Good Omens (the Nice and Accurate Prophecies of Agnes Nutter, Witch) a book by Neil Gaiman and Terry Pratchett
"Good Omens" is a book about the end of the world, as seen by Agnes Nutter, witch. The story follows quite a few distinct story lines. If you are familiar with Mr. Neil Gaiman, you will recognize his unique style of storytelling, including the frequent footnotes you might have found in some of his other works. I was not as familiar with Mr. Pratchett's work, but now am interested in the discworld series which he is now known.
Honestly, I felt that the beginning of the book was a bit slow, and middle dragged on. Typically for Gaiman's work, the end was wrapped up quite nicely with pieces falling into places as predicted, similar to his work "American Gods." Whereas American Gods follows the mythological gods and the "new Gods" such as technology, "Good Omens" follows a more Christian or Bible based hierarchy, with angels and demons. If you are easily offended by such things, it would be a good idea to skip this read and enjoy something you will find a little less inflammatory.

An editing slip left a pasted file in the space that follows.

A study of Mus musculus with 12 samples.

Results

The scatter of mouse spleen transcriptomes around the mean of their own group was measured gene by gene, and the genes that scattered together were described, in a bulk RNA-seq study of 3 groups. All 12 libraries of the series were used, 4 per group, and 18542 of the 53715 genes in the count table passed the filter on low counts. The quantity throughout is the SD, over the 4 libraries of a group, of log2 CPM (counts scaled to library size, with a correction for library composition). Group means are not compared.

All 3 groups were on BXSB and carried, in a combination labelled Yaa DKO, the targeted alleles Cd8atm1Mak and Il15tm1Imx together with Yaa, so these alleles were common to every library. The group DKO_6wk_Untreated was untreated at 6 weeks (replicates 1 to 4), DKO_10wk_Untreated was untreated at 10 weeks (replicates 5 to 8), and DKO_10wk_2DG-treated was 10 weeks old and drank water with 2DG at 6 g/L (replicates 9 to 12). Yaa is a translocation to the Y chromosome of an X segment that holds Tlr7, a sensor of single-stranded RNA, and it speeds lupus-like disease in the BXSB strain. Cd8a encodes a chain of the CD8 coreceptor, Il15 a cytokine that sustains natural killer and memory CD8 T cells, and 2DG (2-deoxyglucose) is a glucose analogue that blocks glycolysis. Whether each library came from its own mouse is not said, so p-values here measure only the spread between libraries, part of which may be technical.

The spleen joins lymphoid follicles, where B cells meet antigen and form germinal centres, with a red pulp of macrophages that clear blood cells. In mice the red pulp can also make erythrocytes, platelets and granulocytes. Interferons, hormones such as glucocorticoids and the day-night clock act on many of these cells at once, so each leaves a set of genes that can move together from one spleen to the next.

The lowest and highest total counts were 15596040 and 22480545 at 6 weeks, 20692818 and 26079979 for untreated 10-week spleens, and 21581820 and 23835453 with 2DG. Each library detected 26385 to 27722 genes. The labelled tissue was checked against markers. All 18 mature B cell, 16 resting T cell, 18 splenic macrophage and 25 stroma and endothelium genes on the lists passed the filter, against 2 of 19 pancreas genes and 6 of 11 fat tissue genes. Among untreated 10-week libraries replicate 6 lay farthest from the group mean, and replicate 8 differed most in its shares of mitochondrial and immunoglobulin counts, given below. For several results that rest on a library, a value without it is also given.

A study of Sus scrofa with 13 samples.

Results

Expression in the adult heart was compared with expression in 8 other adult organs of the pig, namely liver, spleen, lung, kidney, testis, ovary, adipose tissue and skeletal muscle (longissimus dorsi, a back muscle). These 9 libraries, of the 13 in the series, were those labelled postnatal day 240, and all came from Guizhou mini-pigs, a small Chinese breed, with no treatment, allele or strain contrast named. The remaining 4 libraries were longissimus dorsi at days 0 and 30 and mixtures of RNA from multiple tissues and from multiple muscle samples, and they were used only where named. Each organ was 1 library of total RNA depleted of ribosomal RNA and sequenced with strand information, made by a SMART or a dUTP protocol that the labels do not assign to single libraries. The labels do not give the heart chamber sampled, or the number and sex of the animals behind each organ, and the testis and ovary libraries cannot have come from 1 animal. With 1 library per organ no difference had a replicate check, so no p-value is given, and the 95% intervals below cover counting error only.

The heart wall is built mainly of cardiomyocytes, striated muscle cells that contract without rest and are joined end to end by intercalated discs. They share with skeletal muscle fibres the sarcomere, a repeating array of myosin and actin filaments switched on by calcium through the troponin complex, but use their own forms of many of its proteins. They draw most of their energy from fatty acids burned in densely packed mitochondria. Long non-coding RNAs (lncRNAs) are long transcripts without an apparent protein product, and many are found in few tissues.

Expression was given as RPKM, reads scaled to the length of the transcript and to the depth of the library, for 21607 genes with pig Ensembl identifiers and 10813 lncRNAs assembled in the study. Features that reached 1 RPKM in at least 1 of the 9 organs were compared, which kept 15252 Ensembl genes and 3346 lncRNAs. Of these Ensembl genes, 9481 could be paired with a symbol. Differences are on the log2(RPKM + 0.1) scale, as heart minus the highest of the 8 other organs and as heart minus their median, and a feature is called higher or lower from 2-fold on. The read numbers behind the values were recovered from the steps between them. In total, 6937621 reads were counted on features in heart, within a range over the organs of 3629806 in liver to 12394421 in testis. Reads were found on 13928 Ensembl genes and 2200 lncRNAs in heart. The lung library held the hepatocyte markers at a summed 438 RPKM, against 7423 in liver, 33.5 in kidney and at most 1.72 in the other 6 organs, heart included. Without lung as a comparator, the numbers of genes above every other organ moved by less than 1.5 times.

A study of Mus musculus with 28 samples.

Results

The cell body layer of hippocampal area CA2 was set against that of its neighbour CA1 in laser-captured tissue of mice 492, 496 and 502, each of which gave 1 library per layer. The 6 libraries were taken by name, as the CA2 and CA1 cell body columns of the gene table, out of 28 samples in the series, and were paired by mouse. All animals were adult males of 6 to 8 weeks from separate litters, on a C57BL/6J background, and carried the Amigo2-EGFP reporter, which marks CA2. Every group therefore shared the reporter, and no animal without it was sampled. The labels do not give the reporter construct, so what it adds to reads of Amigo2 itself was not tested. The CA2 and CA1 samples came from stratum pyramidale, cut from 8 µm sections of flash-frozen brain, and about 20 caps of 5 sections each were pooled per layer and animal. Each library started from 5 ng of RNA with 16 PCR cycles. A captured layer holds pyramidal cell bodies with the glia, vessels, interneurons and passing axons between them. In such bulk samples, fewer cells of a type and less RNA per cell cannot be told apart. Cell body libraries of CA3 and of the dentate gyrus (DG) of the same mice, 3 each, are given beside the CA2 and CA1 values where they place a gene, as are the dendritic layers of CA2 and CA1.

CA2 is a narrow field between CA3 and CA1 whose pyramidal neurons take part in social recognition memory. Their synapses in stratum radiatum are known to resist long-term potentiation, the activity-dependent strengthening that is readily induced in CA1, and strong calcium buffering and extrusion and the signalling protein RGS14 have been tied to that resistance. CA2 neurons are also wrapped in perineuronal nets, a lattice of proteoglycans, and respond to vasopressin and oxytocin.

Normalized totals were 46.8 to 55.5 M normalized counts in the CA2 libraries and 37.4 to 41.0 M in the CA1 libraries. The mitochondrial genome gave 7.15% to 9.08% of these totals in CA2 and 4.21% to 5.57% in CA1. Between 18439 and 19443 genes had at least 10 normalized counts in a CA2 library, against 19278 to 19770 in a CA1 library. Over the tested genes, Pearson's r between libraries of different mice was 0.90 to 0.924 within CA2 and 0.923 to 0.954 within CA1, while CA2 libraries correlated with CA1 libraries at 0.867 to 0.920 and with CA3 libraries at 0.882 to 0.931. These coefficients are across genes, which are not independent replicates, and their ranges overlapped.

Book Review Conclusion
Overall, I think the book feels like an early, less developed work by Gaiman (it is, in fact, one of his earlier published books). It is an enjoyable read, especially if you like Gaiman's style, but seemed weighed down by something you just can't put your finger on. If you read the forward and afterwards by both Gaiman and Pratchett, you realize that the book only exists today because of the collaboration, and we are all better for it. Gaiman simply could not decide how to continue the story, and Pratchett's input allowed us to enjoy this story.
If you loved "American Gods" or "Anansi Boys," as I did, you will enjoy "Good Omens." If this will be your first foray into Gaiman's writing style, start with one of the other two books previously mentioned, or the excellent Sandman graphic novel.